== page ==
Two weeks ago, Bloomberg reported that United Continental (NYSE:UAL) was thinking about accelerating the retirement schedule for its fleet of 22 Boeing (NYSE:BA) 747s.

The carrier is past the thinking stage now. On Tuesday, as part of a broader fleet plan update, United announced that it will retire all of its 747s by the end of 2018. This was good news for Boeing, as it enabled the plane maker to sell another four 777-300ERs to one of its most reliable customers.

Curtains for the 747
The iconic Boeing 747 is revered by aviation enthusiasts both for its distinctive shape and its transformative impact on air travel since the first version entered service in 1970. However, the 747 has lost its appeal among airlines, as it is less fuel-efficient and more expensive to maintain than twin-engine planes.


Furthermore, as other airlines have moved aggressively to retire their 747s, it has become more difficult for United to do maintenance work away from its own hubs. If 747 spare parts aren't readily available when they are needed, it can cause unnecessary delays and cancellations, inconveniencing customers.

How United will replace its 747 fleet
Until relatively recently, United Continental had planned to keep most of its 747 fleet in service until around 2020. To replace its 747s and support future growth, it ordered 35 A350-1000s, with deliveries beginning in 2018.

Based on United's new 747 retirement schedule, most of the A350s will arrive too late to be direct 747 replacements. United can still use its A350s arriving in 2018 and early 2019 to replace the Boeing 747s retiring in 2018. However, it will also need to use Boeing's 777-300ER as a near-term 747 replacement.

United already has 10 firm orders for 777-300ERs scheduled for delivery in late 2016 and early 2017. These planes were originally ordered to provide some capacity growth on long-haul routes from United's Newark Airport hub that are currently served by 777-200s. (The 777-200s will be reconfigured for use on high-density domestic routes.)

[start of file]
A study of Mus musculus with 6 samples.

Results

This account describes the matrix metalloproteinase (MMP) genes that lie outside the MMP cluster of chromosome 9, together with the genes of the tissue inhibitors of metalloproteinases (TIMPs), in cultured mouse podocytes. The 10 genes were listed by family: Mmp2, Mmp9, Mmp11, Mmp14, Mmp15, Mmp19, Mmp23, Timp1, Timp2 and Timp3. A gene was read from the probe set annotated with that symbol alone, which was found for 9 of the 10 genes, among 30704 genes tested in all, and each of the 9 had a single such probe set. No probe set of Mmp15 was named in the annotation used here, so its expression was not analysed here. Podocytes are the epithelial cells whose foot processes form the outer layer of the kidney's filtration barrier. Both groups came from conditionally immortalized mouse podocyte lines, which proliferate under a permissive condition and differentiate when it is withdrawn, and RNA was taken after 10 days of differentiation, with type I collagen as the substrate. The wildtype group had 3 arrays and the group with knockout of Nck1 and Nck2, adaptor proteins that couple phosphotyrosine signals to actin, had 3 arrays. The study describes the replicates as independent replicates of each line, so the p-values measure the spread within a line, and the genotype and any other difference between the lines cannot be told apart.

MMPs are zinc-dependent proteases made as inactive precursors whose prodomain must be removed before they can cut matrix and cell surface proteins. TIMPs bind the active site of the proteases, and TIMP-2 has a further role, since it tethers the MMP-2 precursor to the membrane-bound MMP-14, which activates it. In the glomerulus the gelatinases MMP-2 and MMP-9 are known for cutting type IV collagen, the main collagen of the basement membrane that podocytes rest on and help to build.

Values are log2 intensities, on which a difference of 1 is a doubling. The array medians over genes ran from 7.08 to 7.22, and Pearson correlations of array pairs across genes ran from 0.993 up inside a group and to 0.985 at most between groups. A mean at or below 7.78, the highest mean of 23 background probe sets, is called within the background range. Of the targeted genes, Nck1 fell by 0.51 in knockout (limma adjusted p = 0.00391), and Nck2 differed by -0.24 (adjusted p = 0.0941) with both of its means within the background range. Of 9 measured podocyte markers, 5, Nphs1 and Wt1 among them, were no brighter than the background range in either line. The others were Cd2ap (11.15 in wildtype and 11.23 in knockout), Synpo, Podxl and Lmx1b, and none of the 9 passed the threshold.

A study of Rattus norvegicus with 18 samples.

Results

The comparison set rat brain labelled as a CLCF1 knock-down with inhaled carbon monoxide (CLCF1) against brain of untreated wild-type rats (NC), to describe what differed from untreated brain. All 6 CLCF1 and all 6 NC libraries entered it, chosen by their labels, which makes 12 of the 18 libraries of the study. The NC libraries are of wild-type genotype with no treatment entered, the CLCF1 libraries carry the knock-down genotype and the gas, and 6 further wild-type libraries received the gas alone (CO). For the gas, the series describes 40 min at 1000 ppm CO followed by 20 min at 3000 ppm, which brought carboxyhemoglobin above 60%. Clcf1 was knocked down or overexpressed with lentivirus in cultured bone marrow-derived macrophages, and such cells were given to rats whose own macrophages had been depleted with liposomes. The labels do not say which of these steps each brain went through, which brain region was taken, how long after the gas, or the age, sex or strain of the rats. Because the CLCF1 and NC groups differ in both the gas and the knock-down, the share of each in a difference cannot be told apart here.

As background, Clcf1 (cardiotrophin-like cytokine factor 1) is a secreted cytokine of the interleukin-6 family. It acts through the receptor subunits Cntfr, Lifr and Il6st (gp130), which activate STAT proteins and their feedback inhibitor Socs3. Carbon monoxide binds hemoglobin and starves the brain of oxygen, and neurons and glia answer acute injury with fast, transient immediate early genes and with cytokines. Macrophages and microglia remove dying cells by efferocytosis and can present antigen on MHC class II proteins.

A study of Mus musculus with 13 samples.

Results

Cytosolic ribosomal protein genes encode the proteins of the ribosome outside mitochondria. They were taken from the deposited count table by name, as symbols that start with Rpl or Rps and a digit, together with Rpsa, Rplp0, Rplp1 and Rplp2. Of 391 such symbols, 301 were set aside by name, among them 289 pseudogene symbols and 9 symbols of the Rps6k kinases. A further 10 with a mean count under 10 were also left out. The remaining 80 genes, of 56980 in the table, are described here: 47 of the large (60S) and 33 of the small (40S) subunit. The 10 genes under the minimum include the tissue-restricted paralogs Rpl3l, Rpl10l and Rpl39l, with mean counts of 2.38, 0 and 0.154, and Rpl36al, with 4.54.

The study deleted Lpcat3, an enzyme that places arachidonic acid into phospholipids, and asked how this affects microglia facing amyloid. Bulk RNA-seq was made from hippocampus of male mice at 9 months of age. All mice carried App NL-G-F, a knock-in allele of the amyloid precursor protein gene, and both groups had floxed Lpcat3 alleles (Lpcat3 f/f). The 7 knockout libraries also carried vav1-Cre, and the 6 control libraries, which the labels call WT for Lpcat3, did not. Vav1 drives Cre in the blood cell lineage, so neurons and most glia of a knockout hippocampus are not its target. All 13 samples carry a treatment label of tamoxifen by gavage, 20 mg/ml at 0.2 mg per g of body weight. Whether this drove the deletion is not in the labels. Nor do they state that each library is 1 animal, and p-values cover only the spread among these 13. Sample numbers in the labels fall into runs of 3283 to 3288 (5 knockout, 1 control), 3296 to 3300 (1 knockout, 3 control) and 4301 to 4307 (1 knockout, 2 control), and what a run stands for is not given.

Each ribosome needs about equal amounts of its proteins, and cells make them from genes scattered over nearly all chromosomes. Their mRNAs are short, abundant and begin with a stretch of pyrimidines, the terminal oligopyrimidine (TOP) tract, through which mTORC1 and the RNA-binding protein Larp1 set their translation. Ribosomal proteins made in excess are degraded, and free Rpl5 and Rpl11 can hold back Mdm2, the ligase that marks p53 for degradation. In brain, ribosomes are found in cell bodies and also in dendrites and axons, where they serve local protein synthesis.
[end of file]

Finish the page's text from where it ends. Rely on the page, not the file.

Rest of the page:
Instead, most of these 10 777-300ERs will probably be used as 747 replacements. With airlines facing weak unit revenue trends on international routes recently, it's not an opportune moment to introduce larger planes on long-haul routes anyway.

United also converted another four of its Dreamliner orders scheduled for delivery in 2020 and beyond to 777-300ER orders scheduled for delivery within the next two years. That will allow it to complete its 747 replacement initiative.


As for the A350s on order, they will allow United to replace smaller and less fuel-efficient widebody planes in 2019 and thereafter. Hopefully, international air travel demand will have fully recovered by then.

Slow but steady progress for Boeing
In the past year or two, a growing chorus of Wall Street analysts have raised concerns about whether Boeing will be able to sell enough current-generation 777s to ensure a smooth transition to the next-generation 777X, which arrives in 2020. To be sure, demand for the 777 is starting to sag, given the availability (and impending arrival) of more advanced alternatives.

Nevertheless, Boeing continues to sell current-generation 777s at an adequate pace. CEO Dennis Muilenberg has stated that the company needs to sell 40 current-generation 777s annually for the next few years to complete the production bridge to the 777X.

Back in January, Boeing sold six 777-300ERs to Air China. Including the four that United plans to order, Boeing is now a quarter of the way to its goal of selling 40 777s this year. As long as it can continue cobbling together small orders like these at a steady pace, Boeing should be able to fill its open 777 delivery slots.

Adam Levine-Weinberg owns shares of The Boeing Company and United Continental Holdings. The Motley Fool has no position in any of the stocks mentioned. Try any of our Foolish newsletter services free for 30 days. We Fools may not all hold the same opinions, but we all believe that considering a diverse range of insights makes us better investors. The Motley Fool has a disclosure policy.